Proposed 4-Team, 11-Player Trade Moves Zach LaVine to Jumpstart Bulls’ Rebuild

Zach LaVine, Chicago Bulls

Getty Zach LaVine # 8 of the Chicago Bulls.

With the NBA hitting a quiet time in the calendar and several teams including the Chicago Bulls potentially having some unfinished business, it would be nice if many of them could be resolved in one fell swoop.

“We’re now a month removed from Damian Lillard‘s trade request, and he’s still a member of the Portland Trail Blazers,” wrote Andy Bailey of Bleacher Report on August 3. “The holdup to this point may be the Blazers’ hesitance to take on Tyler Herro‘s contract. … But what if we got a little wilder?”

Bulls get:

Tobias Harris
Caleb Martin
Keon Johnson
– 2029 first-round pick swap (via PHI)
– 2030 first-round pick (via PHI)

Blazers get:

James Harden
Kyle Lowry
Jaime Jaquez Jr.
Nikola Jovic
– 2028 first-round pick (via MIA)
– 2030 first-round pick (via MIA)
– 2030 second-round pick (via CHI)

Heat get:

– Damian Lillard
Jusuf Nurkic
– 2028 second-round pick (via CHI)
– 2029 second-round pick (via PHI)

76ers get:

Zach LaVine
– Tyler Herro
– 2029 second-round pick (via POR)

Harris, 31, is heading into the final year of his five-year, $180 million contract, and is coming off averaging 14.7 points, 5.7 rebounds, and 2.5 assists for the Sixers this past season. LaVine, 28, is coming off a far more productive season averaging 24.8 points, 4.5 rebounds, and 4.2 assists.

Martin, 27, is coming off a strong postseason run with the Miami Heat where he was often one of their top options on offense while providing quality defense.

He is heading into the second year of a three-year, $20 million contract but has a $7.1 million player option for the 2024-25 season so any team looking to trade for him runs the risk that he walks for nothing as an unrestricted free agent in the summer of 2024. His postseason production was also more productive than his regular season.

Johnson, 21, was the No. 21 overall pick in the 2021 NBA Draft. He averaged 4.7 points, 1.5 assists, and 1.1 boards for the Blazers in 2022-23, averaging 10 minutes across his 40 appearances this past season.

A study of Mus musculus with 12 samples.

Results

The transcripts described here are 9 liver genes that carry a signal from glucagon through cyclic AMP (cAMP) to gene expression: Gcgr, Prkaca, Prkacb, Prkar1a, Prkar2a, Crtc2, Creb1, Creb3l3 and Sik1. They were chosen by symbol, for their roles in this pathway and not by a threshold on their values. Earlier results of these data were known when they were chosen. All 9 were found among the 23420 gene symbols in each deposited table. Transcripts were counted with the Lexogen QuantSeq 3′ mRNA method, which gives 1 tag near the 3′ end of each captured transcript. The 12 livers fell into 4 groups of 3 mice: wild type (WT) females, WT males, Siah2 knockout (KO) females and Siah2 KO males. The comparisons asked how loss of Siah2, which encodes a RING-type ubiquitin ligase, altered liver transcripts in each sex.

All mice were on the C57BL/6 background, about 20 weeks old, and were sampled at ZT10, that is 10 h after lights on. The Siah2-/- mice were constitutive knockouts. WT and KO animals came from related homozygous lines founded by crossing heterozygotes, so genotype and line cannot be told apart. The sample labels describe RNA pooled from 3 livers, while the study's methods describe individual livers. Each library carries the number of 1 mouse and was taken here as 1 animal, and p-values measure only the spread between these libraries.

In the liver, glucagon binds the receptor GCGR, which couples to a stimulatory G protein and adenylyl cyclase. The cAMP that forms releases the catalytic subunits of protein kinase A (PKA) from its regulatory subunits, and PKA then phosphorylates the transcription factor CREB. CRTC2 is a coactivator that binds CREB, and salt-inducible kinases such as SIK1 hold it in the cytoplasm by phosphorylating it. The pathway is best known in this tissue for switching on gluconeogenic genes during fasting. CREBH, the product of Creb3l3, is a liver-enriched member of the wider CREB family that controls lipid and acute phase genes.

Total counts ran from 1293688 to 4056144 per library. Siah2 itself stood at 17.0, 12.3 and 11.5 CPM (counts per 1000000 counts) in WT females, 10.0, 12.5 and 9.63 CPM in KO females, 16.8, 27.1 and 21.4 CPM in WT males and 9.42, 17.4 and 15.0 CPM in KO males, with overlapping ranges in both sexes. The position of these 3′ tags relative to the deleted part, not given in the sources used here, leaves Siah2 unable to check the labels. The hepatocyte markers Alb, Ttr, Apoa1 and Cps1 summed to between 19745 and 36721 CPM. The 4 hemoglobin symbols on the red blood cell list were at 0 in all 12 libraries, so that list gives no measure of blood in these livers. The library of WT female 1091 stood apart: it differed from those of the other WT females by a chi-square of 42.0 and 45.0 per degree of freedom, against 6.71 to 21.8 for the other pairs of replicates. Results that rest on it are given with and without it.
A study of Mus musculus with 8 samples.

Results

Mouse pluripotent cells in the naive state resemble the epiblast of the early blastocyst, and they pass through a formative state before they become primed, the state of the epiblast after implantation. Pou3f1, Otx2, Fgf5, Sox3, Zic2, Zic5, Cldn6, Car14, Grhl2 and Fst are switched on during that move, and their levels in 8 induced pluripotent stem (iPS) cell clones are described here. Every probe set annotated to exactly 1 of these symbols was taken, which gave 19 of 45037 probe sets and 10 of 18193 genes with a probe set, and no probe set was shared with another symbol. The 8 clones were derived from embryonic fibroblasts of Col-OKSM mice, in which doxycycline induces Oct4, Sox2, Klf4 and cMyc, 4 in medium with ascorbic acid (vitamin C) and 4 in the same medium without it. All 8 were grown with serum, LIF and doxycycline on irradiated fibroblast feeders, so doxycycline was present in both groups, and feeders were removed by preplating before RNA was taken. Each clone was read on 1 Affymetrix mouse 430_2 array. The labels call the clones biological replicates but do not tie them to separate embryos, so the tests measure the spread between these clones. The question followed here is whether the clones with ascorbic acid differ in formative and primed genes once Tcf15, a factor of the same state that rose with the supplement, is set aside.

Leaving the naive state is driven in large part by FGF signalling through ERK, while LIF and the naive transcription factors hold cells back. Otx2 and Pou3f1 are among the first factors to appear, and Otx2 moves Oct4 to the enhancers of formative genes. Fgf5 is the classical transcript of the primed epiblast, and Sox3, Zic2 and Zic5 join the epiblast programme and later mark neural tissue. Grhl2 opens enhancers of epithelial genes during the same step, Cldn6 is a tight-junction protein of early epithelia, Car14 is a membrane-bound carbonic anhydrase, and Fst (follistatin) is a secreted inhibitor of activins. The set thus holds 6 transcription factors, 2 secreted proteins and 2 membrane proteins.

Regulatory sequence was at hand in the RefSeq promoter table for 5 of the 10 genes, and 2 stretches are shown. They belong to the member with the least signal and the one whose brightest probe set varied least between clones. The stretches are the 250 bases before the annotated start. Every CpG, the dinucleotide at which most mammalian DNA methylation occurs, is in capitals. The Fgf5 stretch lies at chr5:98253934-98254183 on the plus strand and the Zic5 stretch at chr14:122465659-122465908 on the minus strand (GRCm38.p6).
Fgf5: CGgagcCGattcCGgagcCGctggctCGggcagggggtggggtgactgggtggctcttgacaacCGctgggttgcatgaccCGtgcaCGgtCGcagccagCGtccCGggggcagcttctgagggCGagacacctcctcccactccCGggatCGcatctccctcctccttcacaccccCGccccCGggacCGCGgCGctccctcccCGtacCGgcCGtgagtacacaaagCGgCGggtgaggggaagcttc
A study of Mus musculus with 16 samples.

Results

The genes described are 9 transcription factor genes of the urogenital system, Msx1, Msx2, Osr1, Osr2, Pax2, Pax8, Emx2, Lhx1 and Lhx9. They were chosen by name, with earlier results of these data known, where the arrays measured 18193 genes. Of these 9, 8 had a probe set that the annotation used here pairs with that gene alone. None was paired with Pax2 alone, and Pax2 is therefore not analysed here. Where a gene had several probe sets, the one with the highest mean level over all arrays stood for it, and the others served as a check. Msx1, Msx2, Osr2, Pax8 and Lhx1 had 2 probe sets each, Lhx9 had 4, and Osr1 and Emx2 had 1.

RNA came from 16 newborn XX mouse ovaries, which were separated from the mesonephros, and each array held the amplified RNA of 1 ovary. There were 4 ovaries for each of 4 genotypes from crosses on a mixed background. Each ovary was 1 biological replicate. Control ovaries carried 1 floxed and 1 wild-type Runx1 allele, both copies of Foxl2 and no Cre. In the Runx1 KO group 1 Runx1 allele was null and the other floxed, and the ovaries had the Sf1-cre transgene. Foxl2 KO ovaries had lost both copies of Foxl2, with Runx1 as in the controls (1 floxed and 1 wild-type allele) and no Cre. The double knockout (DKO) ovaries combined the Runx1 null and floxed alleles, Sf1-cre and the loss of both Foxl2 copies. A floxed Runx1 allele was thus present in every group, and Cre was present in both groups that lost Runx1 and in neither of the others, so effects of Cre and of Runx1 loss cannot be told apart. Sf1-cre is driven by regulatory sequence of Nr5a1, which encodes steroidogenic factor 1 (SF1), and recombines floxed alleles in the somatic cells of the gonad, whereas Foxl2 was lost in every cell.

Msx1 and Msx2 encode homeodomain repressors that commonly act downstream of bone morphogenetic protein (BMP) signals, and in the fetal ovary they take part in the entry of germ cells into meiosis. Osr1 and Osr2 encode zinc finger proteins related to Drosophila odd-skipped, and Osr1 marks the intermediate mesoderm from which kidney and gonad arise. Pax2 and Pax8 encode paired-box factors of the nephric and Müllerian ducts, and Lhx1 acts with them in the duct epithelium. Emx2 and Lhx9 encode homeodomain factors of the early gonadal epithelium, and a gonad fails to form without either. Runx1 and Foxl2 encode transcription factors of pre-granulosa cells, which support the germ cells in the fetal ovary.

He did average 13.0 points and shot 38.4% from deep in the five games he played at least 20 minutes.

The idea of flipping LaVine for Harris is not new.

However, this is a different twist on a potential move based on alleviating future financial concerns for the Bulls. The Bulls star is also just heading into Year 2 of a five-year, $215 million max contract signed just last offseason but has seen his name bandied about in trade rumors since the deadline in February.

The above package would follow the baseline of what the Bulls are said to be seeking in any trade for the two-time All-Star.

“One league source said the Bulls would be focused on getting a good young player, multiple first-round picks and salary filler if they decide to trade LaVine,” wrote NBC Sports Chicago Bulls insider K.C. Johnson on June 19. “Another said one first-round pick and an established, high-end player might be sufficiently intriguing.”

Rest of Trade Leaves Bulls on Short end

This would seem like a major shift from their messaging, though the persistent trade rumors suggest otherwise. Still, optics could play a factor in the Bulls agreeing to a similar package with picks so far out into the future among other potential issues.

The Bulls arguably come out the worst of all the teams involved considering the quantity and quality of players they would be receiving.

They would also be the only team not getting back an All-Star player, and would only receive one additional first-round pick for their troubles which could leave executive vice president of basketball operations Arturas Karnisovas under even more fire.

“This is the hardest sell among these teams. You can only entertain it if the Bulls are willing to accept that it’s time to rebuild,” Bailey writes. “The deal doesn’t make the Bulls better in the short term, so they’d probably have to be ready to move DeMar DeRozan and Nikola Vučević in separate deals, too.”

Financial relief is one thing – especially for this franchise in particular — but is that enough?

Bulls Would Need to ‘Accept’ Rebuild

There is also an argument to be made for splitting up LaVine and DeRozan with the chance for cleaner books next summer if that still doesn’t work.

However, Karnisovas’ patience has led to just one trade in the last two years – for a second-round pick at that – after a flurry of moves putting this group together. He could very well balk at the idea of appearing to come out on the short end of yet another blockbuster trade.